Is this a problem for a church membership covenant? Is this significant? I would argue that it’s extremely significant.
But you might think that I’m making a mountain over a molehill. But this isn’t me making a mountain out of a molehill. This has everything to do with understanding what the church is.
We’re not the church individually. We’re the church collectively. Individually, we’re a part of the church. Individually, we’re members of the church, but we’re not the church individually.
In Ephesians 4:1, Paul urges his readers, “I urge you to walk in a manner worthy of the calling to which you have been called.” In our English language this fact may get past us since we have only one word for “you”—whether we’re speaking of the singular “you” or plural “you all” or “y’all.”
But the language that the New Testament was written in is more precise than that. The New Testament was written in Koine Greek, and in Koine Greek there’s one word for singular “you” and there’s a completely different word for the plural “y’all.”
And, yes, I’m sure you’ve already guessed it, the “you” that Paul uses in this verse is the plural “y’all.” He goes on to expand on that by using the language of “bearing with one another” in verse 2.
The “one another” phrase clearly spells out the importance of relationship. It spells out the importance of community. But this isn’t the only place in the New Testament that talks about how we treat “one another.” Tthere are nearly 60 passages in the New Testament alone that speak of “one another.”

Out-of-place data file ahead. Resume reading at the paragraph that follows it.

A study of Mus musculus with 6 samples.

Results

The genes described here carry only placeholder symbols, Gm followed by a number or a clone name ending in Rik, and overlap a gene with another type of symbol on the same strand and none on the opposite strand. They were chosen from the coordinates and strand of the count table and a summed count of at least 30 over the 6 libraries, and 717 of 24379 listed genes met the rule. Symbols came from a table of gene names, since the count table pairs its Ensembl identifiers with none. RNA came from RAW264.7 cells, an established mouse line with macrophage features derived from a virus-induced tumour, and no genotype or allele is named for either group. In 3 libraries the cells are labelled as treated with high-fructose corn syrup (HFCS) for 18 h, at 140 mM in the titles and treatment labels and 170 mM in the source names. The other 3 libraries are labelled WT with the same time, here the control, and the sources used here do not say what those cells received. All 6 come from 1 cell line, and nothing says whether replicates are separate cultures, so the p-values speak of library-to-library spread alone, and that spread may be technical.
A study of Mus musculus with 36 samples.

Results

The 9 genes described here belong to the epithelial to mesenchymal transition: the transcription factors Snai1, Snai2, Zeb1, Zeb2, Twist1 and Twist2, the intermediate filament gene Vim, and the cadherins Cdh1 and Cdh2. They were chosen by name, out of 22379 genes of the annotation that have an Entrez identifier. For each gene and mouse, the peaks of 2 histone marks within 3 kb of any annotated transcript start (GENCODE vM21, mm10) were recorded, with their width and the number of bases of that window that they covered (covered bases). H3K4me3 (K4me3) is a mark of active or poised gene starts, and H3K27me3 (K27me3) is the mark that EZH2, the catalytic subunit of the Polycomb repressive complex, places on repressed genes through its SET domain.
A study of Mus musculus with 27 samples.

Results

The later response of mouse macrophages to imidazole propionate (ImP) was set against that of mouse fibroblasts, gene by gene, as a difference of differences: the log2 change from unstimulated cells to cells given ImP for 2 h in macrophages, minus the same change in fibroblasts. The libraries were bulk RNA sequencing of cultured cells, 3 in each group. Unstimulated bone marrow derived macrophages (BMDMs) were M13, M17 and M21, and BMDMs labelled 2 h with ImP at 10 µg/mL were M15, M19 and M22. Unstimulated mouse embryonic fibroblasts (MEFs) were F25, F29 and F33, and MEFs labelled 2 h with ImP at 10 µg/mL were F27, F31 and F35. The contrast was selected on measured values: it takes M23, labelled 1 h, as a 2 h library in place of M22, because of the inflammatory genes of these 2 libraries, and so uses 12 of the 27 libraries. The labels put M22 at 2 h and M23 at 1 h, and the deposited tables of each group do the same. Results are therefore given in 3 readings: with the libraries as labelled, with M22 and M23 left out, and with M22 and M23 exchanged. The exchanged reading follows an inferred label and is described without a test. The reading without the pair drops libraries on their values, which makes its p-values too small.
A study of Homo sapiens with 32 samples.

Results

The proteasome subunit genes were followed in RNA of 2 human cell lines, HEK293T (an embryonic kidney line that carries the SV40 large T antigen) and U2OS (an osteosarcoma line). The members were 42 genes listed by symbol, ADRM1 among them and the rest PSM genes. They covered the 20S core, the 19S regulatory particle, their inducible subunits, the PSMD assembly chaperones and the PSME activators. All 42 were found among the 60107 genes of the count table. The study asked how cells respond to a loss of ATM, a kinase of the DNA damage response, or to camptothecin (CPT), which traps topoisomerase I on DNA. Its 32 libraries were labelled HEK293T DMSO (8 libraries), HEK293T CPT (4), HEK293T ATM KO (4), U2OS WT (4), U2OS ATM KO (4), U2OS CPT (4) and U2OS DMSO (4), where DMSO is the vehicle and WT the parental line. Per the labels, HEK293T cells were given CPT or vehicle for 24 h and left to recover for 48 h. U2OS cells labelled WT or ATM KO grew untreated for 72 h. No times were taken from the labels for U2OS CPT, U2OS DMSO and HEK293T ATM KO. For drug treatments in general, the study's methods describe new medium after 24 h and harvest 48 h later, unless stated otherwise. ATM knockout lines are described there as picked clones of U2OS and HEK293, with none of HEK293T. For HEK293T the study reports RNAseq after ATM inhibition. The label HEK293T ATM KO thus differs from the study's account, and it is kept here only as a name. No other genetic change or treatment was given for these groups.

- Encourage one another (1 Thess 5:11)
- Bear with one another (Col 3:12–17)
- Forgive one another (Col 3:12–17)
- Teach one another (Col 3:12–17)
- Serve one another (Gal 5:13–15)
- Confess our sins to one another (Jas 5:16)
- Honor one another (Rom 12:10)
- Love one another (John 13:34–35)
And we could go on! The point is simple and clear. We weren’t made to live by ourselves. We weren’t meant to struggle by ourselves. We weren’t meant to pursue Jesus by ourselves. We’re meant to do that in community—with one another.
Here’s something important I tell people when they join the church. When you join a church, you’re giving permission to your fellow church members to get in your business! That’s what you’re doing when you join a church.
And the flip side of that is true also. When we as a people receive someone into church membership, we’re telling that person that he or she has permission to get into our business.
We’re saying to one another, “I love you enough to allow you to speak the truth of God’s Word into my life, and I love you enough to speak the truth of God’s Word into your life.”
Friends, we were made for this. We were made to live in community. The “we” language of a church covenant is EXTREMELY important. We do this together.